Strong & Fisher
offices and factory
The offices and factory in Irchester Road, with houses between

Memories of working in the offices 1978-1984
I worked in the offices at Strong & Fisher from 1978 to 1984. The Rushden Factory, founded in 1932 in Irchester Road was the head office of the Strong & Fisher Group. This included local tanneries such as Victoria Leather at Higham Ferrers, Wellington Tannery at Raunds and Harrold Leather in North Bedfordshire who tanned and dyed the leather and suede for the clothing industry.

The group also included Fellmongers and Hide & Skin Merchants, who bought in the raw skins from the local abattoirs in places such as (Mullins) Luton & Dudley, Chesterfield, Cullompton and Tiverton in Devon, Bury, Cheltenham, (Walker Bros) Bermondsey and Newtown, Llangollen, Caerphilly and Llandeilo in Wales. Some of these just traded the raw skins, some pickled or tanned them before selling them on. Sheepskins were produced and sold with moccasins and gloves in a small factory shop at Newtown. They also owned ‘Simpson & Kay’ in Bermondsey who traded finished leather. During this time Strong & Fisher bought ‘Janet Ibbotson’ a suede and leather clothes designer who had a retail outlet and workshop in South Kensington, London. The managing director’s wife, Camilla Strong became a director in this company.

When I was at the firm the managing director was Richard Strong, known as ‘RJ’; his brother Christopher was also one of the directors. J P Strong and O B Strong had founded the firm with a Mr Fisher, Richard and Christopher were sons of one of the founders.

Rosemary was the receptionist; she greeted guests and operated the state-of-the-art switchboard, manually plugging incoming calls into the various extensions. There was a seating area for guests to wait in behind reception.

Beyond reception and to the left there was a wages office with Roy and an assistant and then an open-plan main office. In this area were Len Kent who was the office manager, Pam who did purchasing David Guest, Fred & Richard Minney, who I think did cash and credit control.

The group accountants, where I assisted, were led by Dudley Gibbard, with Martin Smith, followed by Dave Mason and Clive Dowie. Dave originated from the West Midlands and played Rugby for the Northampton Saints. Sometimes on Friday lunch times Dave and I would go to the Peking Restaurant in the High Street for a 3 course special set lunch, which was very reasonable. Dave drove us there in his Ford Capri, which was one of the few cars he could fit his 6’4” height into! Dave broke his jaw playing Rugby against Llanelli and was ‘wired-up’ till it healed, he survived mainly on ‘Complan’ a liquid food mix. On other Fridays I would collect fish & chip orders from nearby ‘Jimmys’ for the office staff.

Colin Farrow was in charge of the computer, which was the size of a dining table and had it’s own room, no laptops in those days! Colin had to back-up the data each evening on a huge disk the size of a car tyre, which he took home with him. Pam and Julie worked at monitors entering the computer data. Information was printed out onto a continuous pack of concertinaed computer paper. This looked rather like music sheets with staves running across and with holes down the sides to allow it to feed onto a reel and into the printer.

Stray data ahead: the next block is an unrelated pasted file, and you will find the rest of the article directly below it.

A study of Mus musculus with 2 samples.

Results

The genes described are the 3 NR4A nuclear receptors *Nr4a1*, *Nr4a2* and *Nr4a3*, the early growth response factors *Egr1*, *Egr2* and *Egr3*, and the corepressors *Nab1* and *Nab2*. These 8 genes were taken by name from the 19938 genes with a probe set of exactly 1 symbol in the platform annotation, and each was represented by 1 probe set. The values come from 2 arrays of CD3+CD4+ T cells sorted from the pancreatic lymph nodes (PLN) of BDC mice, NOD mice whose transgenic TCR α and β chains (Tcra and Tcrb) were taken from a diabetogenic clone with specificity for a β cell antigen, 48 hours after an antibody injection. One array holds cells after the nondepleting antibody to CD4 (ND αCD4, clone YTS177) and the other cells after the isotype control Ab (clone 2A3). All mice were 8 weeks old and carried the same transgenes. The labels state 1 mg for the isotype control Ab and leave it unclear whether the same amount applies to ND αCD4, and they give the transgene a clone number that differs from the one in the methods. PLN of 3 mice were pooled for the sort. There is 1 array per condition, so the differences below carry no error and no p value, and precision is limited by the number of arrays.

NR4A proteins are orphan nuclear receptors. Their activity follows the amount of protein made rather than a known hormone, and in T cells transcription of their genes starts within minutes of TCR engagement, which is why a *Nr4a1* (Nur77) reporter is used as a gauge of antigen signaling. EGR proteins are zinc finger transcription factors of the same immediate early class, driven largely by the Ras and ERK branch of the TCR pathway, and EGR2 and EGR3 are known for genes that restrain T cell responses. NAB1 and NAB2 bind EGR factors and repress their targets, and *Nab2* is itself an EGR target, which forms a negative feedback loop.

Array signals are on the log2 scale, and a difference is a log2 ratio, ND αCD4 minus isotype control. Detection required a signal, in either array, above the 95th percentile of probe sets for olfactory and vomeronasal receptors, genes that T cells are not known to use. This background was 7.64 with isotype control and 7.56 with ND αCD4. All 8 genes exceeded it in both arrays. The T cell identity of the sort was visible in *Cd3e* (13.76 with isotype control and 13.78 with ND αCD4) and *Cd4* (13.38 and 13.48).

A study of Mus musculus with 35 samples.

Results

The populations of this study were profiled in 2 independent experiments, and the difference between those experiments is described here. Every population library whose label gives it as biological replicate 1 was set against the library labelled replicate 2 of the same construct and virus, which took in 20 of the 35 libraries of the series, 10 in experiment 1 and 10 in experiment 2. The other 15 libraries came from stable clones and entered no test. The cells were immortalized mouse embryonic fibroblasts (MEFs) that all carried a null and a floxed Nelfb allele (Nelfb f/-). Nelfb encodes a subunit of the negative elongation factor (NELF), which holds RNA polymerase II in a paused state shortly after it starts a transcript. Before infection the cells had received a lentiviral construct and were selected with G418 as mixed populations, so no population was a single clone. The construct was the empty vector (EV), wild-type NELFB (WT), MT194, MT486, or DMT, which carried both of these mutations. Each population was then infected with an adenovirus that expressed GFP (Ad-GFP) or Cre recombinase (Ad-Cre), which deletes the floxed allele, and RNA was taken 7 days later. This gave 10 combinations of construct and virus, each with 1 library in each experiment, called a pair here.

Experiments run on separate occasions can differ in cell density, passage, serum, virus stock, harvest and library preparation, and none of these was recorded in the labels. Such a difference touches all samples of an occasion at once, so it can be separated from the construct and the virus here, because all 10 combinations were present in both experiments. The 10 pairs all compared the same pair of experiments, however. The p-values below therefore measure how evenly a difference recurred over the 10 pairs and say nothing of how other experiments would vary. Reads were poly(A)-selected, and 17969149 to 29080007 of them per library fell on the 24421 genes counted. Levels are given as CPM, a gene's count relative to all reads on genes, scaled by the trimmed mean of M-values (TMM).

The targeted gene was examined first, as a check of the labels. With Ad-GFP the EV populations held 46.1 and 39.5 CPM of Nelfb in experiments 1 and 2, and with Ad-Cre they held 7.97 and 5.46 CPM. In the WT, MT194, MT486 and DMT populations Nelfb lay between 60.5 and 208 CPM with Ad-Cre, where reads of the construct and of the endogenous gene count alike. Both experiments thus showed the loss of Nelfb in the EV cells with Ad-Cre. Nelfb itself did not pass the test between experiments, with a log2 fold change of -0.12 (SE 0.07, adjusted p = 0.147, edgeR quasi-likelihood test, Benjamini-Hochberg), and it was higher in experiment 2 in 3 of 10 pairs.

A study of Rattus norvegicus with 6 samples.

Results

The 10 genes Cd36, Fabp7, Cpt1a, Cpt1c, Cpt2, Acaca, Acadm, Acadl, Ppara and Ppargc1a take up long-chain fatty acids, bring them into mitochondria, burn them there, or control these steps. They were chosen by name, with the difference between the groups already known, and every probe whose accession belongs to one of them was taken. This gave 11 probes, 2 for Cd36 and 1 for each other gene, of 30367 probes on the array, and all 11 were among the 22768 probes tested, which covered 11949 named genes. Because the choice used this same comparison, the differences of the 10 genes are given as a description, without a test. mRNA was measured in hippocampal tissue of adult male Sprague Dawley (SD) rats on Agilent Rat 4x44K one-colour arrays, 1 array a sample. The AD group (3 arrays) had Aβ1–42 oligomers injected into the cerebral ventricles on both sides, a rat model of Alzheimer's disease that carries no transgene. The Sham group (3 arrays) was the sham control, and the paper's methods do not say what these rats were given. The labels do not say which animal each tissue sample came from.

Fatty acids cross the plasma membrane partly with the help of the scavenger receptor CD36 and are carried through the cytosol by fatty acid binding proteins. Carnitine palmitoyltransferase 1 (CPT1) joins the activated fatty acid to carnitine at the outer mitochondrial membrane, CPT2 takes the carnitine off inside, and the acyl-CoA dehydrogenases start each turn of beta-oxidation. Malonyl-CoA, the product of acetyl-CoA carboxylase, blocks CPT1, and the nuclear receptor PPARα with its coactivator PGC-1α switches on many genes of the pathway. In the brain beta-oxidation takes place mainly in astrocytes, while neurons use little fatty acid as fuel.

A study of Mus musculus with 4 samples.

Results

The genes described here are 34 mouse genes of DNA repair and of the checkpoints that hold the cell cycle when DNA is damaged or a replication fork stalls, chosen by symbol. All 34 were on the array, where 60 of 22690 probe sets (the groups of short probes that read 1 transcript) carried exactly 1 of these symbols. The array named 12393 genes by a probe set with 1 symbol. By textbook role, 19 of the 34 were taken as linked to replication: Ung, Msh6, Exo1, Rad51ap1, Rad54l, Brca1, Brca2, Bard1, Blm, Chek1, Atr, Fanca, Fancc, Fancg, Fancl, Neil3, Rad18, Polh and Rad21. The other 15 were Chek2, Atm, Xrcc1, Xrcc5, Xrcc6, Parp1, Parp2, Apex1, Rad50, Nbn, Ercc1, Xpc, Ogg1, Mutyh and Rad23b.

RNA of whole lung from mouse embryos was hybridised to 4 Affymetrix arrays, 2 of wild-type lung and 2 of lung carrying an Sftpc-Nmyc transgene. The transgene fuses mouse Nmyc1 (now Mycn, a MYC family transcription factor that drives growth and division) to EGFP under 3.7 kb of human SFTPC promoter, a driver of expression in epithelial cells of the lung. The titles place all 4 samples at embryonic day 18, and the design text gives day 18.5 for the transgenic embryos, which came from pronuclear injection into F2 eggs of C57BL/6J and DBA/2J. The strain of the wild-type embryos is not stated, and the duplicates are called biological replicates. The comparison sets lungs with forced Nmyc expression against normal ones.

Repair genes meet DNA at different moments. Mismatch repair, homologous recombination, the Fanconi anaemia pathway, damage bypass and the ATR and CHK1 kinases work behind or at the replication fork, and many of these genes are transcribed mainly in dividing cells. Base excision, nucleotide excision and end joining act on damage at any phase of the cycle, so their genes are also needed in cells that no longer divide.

I hated filing these sheets, first, each page had to be ripped along the bottom along the perforations. Then the ledgers, which had a plastic front and back sheet and a long spike holding the pages in, had to be taken apart at the correct place to file each new sheet.

Along the downstairs corridor were some offices, including John Hawksfield’s, the Finance Director. At the far end was the small kitchen where Betty made the tea, which she delivered to the office staff and Bill Bayes the Warehouse Supervisor, who always seemed to appear at teatime!

Upstairs was the telex and sales office, the boardroom and various directors’ offices including RJ Strong, Christopher Strong and Douglas Ramsay the head salesman. RJ’s secretary Anita, had a small office next to his, RJ only liked Anita to do his typing and if she was ever off ill he would not be happy!

Strong & Fisher also owned a house just down from the offices, where the costing department worked, led by Roy Stock with Val Berger and Maureen Reeves. The house was also used to store old invoices and documents. I remember also seeing the old company seals here, beautiful black with gold flower or scroll patterns on them, rather like old ornate singer sewing machine decorations.

The site maintenance team were Geoff Horne, Ben Glenn and Albert Snelling, a happy, friendly man, who was tragically killed in an accident at the factory.

Strong & Fisher held an annual Christmas Dinner & Dance at Wicksteed Park, this was a major event with all the group’s managers invited and coaches laid on to bring all the staff from the Rushden, Higham and Raunds factories. It was expected that ladies wore a long dress for the occasion, mine was white with red roses.

One year Strong & Fisher sponsored the British Bob Sleigh team, I remember thinking it was a strange way of advertising as the sleigh moved so fast that you couldn’t read the ‘Strong & Fisher’ logo on the front!

When I was first at the firm, the group was doing well and expanding, buying Mullins Dudley and Luton, Harrold Leather and Janet Ibbotson. Unfortunately, times soon got much harder, some employees were made redundant, there were no more Christmas bonuses and dinners, and Harrold Leather was closed down.

In the 1990s Strong & Fisher stopped trading and the factory was demolished and houses built. The Victoria Leather Company factory still stands in Wood Street, Higham Ferrers but all that remains at Wellington Tannery, Raunds is the Tannery entrance archway around another residential area.